If you are a new youth pastor or if you are an experienced youth pastor starting new somewhere, the first weeks and months can be overwhelming. Or maybe I should say: they will be overwhelming. You will find there’s a lot to learn, a lot to process, a lot to remember. New names, new faces, new senior pastor. Not to mention the long, long list of things you’re expected to do.
So where do you start? What’s the single most important thing you should do in those first few weeks and months?
The single most important thing you should do as a new youth pastor is pray and I don’t mean that as a cliché. You need to stay close to God more than anything and I know from experience that can be a challenge in the whirlwind of starting someplace new. So be sure to make prayer a real priority and embed every single thing you do in prayer.
But except for praying, there are two things you need to do when starting somewhere new as a youth pastor: listen and score some quick wins.
You may know a lot about your new job already because you’ve been given an impressive job description. Or you may find out what needs to be done soon because people will tell you what they think needs work. You’ll probably discover many things you think need to be done differently or need to be skipped altogether.
I mean, it’s fairly easy as a relative outsider to spot the weaknesses in a youth ministry or church, seeing as you come in with fresh eyes and (hopefully) boat loads of energy. But the biggest mistake you can make is start expressing your ideas for change right away. You need to start with listening.
Schedule appointments with every single leader in your youth ministry (unless the church is so big we’re talking about hundreds of people). Spend an hour with each one of them and talk about the youth ministry. Get to know your team, and maybe even more important: get to know what’s really going on.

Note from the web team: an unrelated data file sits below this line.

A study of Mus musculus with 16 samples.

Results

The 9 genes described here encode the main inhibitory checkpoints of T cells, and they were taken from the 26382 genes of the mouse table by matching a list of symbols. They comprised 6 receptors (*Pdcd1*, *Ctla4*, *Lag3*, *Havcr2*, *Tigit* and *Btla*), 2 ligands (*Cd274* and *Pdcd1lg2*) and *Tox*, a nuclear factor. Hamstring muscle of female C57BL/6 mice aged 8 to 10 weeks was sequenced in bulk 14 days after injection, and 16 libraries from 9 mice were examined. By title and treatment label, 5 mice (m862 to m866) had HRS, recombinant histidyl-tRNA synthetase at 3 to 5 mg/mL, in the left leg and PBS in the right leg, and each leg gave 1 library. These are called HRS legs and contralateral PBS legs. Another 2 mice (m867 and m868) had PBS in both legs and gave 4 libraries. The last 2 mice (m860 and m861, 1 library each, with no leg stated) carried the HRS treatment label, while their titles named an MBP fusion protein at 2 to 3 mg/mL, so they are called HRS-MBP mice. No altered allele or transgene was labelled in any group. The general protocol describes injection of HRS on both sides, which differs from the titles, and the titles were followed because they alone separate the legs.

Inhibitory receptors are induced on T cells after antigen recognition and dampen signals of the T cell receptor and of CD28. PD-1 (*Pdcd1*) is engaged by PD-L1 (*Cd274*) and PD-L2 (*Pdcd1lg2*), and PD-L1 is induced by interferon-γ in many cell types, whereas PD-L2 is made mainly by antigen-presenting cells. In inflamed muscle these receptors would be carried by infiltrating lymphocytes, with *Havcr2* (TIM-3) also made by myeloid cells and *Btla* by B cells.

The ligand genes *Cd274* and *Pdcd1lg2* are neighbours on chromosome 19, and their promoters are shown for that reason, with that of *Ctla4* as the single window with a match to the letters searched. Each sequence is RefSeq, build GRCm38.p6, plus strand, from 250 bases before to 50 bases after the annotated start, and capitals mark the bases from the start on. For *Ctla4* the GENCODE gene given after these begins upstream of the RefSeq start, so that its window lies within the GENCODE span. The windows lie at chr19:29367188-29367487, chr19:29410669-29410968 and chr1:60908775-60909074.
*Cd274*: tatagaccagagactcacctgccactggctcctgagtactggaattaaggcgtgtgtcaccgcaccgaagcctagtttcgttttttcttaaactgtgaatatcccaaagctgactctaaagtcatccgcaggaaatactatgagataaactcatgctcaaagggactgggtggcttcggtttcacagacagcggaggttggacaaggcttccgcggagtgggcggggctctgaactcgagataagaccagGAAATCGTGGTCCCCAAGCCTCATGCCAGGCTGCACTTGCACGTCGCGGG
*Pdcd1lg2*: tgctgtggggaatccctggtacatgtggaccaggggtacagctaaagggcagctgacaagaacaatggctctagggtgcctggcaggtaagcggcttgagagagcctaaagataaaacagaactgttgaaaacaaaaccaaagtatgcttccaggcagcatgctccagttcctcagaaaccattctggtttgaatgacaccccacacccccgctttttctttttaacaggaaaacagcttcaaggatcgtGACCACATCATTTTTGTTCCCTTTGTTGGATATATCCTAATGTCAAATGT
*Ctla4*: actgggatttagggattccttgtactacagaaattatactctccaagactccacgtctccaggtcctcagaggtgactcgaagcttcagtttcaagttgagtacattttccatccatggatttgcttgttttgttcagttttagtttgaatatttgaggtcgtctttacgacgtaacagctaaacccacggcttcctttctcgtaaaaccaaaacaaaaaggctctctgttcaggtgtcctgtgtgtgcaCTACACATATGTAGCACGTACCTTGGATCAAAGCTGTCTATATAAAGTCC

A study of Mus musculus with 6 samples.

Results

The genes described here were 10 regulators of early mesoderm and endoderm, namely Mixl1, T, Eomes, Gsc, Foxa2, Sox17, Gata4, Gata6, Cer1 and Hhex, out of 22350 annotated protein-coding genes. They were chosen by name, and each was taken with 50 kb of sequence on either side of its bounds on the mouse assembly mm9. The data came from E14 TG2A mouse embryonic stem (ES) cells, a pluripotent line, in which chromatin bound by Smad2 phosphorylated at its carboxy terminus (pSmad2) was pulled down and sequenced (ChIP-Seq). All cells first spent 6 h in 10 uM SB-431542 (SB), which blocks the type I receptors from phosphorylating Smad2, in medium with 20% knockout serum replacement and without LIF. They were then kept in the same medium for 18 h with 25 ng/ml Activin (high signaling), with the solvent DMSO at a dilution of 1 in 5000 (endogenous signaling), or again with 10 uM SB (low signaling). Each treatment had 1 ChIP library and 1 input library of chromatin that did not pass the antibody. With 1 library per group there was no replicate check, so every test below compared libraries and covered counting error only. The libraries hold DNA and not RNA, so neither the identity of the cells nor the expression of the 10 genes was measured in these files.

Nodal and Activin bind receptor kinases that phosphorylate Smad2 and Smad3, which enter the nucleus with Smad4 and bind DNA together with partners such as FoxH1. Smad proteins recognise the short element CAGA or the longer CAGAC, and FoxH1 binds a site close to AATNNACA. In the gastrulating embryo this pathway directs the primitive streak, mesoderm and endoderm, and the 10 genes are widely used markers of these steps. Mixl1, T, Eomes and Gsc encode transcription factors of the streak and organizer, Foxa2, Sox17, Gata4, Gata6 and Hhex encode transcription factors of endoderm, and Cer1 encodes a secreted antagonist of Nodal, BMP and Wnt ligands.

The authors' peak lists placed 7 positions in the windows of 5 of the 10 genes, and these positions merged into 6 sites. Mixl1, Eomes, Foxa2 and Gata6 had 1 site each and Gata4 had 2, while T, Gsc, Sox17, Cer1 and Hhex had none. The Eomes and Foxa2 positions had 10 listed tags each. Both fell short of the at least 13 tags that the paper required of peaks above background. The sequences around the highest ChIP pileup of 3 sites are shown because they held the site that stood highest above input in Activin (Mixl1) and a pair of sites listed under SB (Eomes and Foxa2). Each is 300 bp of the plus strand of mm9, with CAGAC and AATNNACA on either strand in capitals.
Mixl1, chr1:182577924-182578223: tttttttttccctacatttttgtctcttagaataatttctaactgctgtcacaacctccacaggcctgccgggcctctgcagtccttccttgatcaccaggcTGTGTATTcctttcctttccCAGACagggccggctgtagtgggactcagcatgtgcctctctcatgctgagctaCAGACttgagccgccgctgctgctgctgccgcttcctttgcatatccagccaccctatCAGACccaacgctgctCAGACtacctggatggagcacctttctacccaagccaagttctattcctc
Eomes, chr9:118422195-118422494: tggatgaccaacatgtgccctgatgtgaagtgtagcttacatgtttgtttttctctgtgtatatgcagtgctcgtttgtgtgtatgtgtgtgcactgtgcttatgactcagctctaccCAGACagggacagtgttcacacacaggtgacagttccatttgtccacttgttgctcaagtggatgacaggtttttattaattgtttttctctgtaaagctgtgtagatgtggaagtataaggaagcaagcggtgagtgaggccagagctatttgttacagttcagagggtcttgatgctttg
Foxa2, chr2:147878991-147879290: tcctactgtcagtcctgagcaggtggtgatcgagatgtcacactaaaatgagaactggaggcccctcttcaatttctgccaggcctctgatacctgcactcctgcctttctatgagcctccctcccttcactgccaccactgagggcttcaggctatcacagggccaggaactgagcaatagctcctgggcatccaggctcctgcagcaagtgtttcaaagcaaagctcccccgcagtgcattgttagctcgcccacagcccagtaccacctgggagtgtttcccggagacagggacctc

Ask lots and lots of questions and make sure to formulate them as neutral as possible. There’s a big difference between ‘Why do you do your youth service in Sunday evening?’ and ‘Why on earth would you do a youth service on Sunday evening’? Granted, bit of an extreme example but even the way you word your questions can make people defensive. Try really hard to come across as being interested, not critical, as wanting to learn, not to judge.
Listen intensely for any clues of deeper lying issues like conflicts within the team or with other ministries, disfunctioning leaders or youth giving problems. Don’t come up with solutions, just listen and try to get to the core of the problem.
When you talk with your leaders an volunteers, make sure to ask this question: ‘In your opinion, what is the one thing I need to get on and fix or change right away?’ Which brings us to point number two: score some quick wins.
Score quick wins
A really good and honest way to get people’s support is by scoring some quick wins. Quick wins are problems you can fix that are superficial, but cause a lot of irritation. They’re not major changes or radical changes in policy, they’re often small things that need to be done differently or need to be fixed or repaired to avoid people getting frustrated or angry. If you can identify these in your first weeks and solve them, you will score major points with people.
Let me give you some examples so you know what I’m talking about:
- The youth room hasn’t been cleaned in a year
- The light in the youth fridge has been broken for over six months
- The computer in the youth room is still running on Windows 97
- The date for the youth retreat is only communicated two months in advance
In your first few weeks and months, identify a couple of these quick wins and fix them right away. It will help you build important support for you as a person, it will help you create a positive reputation and it will reflect positively on your youth ministry as a whole. Now you’re off to a good start.
Can you think of any other things new pastors should do in their first few weeks and months?